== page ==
Conservation Letters presents cutting-edge advances in the science and practice of conserving biological diversity and promoting human well-being. The journal promotes high-impact, problem-focused studies on globally important, policy-relevant topics that provide conservation practitioners, policy-makers and researchers insights and techniques for better ensuring the persistence of biodiversity. The journal is committed to providing authors a rapid assessment and publication process.
The protection and resurgence of major predators such as seals, sea lions and wolves has created new challenges for wildlife managers, including rising conflicts with people, other predators and, in some cases, risks to imperiled ...
An international team of researchers, including leading scientists from the University of St Andrews, the Hawk Conservancy Trust and the University of York, say African vultures are likely to qualify as 'Critically Endangered' ...
Expansion of cattle pastures has led to the destruction of huge swaths of rain forest in Brazil, home to the world's largest herd of commercial beef cattle. But a new study led by the University of Wisconsin-Madison's Holly ...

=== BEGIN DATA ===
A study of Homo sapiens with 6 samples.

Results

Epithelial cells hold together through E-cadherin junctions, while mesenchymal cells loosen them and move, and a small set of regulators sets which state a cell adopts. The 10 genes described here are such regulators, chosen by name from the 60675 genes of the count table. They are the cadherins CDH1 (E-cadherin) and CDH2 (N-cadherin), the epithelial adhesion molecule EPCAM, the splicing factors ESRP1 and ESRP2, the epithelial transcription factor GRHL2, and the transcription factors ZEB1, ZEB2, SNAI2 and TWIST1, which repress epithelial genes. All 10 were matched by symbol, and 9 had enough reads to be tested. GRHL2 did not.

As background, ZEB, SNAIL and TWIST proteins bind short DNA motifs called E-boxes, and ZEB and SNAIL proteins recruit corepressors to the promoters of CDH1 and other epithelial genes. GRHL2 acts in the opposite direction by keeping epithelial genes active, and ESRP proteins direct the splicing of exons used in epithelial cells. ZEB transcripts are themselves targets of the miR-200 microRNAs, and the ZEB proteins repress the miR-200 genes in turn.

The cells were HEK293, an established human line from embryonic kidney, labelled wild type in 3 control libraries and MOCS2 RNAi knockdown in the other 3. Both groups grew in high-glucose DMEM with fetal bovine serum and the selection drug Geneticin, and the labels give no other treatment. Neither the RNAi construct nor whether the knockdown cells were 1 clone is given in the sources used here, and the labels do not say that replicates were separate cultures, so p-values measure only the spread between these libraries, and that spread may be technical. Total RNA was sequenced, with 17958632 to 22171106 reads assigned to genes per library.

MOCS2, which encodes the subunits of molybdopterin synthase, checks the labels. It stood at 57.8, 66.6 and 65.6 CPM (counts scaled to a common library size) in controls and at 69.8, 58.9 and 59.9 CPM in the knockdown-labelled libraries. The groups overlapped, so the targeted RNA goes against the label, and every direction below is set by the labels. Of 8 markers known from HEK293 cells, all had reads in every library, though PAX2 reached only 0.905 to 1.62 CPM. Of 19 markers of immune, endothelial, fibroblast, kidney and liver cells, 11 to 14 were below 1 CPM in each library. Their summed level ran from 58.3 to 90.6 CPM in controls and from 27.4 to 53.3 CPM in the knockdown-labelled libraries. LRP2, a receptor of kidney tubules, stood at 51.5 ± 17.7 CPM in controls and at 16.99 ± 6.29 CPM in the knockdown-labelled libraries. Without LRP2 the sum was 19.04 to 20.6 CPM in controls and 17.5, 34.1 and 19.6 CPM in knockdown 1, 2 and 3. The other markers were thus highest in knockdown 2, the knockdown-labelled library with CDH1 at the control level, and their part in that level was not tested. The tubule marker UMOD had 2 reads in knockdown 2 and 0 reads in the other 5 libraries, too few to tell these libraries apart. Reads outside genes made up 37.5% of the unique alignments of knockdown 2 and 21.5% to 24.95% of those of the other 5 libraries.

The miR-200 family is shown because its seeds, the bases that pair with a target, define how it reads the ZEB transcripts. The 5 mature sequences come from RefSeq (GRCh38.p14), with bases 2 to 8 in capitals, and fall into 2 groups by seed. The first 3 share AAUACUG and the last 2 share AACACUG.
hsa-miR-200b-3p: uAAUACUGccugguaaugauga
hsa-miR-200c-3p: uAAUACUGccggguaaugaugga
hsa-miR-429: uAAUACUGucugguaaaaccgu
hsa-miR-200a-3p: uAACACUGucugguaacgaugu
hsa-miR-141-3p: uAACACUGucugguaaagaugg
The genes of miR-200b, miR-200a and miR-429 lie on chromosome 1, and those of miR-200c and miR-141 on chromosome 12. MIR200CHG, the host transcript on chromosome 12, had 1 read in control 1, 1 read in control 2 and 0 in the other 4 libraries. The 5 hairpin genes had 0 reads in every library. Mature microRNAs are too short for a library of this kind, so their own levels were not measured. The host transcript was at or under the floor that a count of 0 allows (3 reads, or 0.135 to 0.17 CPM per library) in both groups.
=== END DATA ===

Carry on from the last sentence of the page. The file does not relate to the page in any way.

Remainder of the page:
Wildlife tourism, like whale watching, can substantially disrupt the activities of the animals targeted but does it threaten populations with extinction?
Research has uncovered alarming evidence of an under-reported wild-meat crisis in the heart of Amazonia.
A new policy paper led by University of York scientists, in partnership with Proforest, aims to increase awareness among researchers of the High Conservation Value (HCV) approach to safeguarding ecosystems and species.
The federal government's proposal to discontinue protection for the gray wolf across the United States could have the unintended consequence of endangering other species, researchers say.
An international team of conservationist scientists and practitioners has published new research showing the precarious state of the world's primary forests.
(AP)—A government-sponsored research team says there are no signs of decline among Yellowstone's grizzly bears despite warnings from outside scientists.
Scientists have shown that pheasants are more likely to be killed by people than by birds of prey.